A Rembrandt invention
A distinguished black man kneels on a riverbank before a bearded white man in robes, with the air of a prophet. What could a depiction of this scene be other than the well-known story from chapter 8 of The Acts of the Apostles? No Dutch notary of the seventeenth century hesitated in identifying the subject of a painting with this motif as the baptism by Philip of an Ethiopian official called a moor, a eunuch or a chamberlain. On the road from Jerusalem to Gaza, he becomes convinced of the divinity of Christ and is brought into the faith by an envoy of the Lord. The identification was so obvious that it does not seem to need further interrogation.
Yet, as Gary Schwartz shows in this fascinating, concise study, a closer look is very revealing. The text of Acts, which specifies that both men went into the water, and does not say that the eunuch kneeled or even that he was black, is not followed closely by any Dutch artist of the seventeenth century. Rembrandt was one of those who took far-going liberties with Scripture in his depictions of the story in paint, drawing and print.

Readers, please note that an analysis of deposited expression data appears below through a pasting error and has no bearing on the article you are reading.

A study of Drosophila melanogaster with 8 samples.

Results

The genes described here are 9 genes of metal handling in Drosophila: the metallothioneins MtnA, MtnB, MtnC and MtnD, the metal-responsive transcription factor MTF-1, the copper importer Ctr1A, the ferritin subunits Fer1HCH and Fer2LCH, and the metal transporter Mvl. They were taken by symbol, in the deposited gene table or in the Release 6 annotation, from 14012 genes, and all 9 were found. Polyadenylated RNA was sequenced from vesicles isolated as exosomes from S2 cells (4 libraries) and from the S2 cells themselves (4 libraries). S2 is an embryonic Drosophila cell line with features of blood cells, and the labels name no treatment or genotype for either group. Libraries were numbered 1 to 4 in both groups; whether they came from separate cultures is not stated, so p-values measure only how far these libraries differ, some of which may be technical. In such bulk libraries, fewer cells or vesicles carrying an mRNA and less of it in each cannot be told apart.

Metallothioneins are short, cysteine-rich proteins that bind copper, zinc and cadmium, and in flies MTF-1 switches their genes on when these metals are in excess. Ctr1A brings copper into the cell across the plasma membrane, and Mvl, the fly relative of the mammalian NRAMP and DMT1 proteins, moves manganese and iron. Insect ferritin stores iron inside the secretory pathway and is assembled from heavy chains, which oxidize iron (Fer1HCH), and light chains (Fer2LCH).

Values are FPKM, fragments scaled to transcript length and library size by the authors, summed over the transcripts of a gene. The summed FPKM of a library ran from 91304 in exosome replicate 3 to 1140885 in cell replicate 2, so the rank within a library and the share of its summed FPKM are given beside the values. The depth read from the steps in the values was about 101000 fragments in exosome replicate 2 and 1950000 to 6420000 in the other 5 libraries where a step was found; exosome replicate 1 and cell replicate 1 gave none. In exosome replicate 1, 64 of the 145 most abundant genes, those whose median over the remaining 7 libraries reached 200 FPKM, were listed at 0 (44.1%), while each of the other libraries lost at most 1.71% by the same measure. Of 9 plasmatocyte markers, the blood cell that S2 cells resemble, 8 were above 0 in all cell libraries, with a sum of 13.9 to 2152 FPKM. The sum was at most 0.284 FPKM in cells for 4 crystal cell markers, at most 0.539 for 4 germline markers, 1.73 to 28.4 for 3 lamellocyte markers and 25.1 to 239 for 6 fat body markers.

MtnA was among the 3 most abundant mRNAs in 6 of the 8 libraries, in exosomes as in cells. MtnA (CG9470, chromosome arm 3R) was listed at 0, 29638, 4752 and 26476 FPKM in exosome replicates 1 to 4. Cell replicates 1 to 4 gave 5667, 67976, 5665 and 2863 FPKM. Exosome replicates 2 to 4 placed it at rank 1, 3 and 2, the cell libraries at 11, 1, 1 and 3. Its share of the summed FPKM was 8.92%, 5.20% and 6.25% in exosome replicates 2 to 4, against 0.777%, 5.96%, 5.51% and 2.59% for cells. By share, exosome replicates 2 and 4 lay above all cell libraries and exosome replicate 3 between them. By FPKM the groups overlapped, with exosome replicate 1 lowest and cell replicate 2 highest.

The occasion to take this closer look was the emergence of an as yet unpublished painting of the Baptism of the eunuch with all the hallmarks of a Rembrandt creation. Is it by him? An engraving of 1650 by a leading Amsterdam printmaker and publisher that reproduces the composition says that it was “invented by Rembrandt”. How is this to be taken? Schwartz delves into the question.
The inclusion of the painting in the exhibition Young Rembrandt: rising star in Museum De Lakenhal in Leiden gives occasion to Gary Schwartz to review the iconography of the baptism of the eunuch and present the new painting. His book is the most completely illustrated study of the baptism of the eunuch yet to appear.
Gary Schwartz has been studying Rembrandt and publishing on him for fifty years. See his website garyschwartzarthistorian.nl.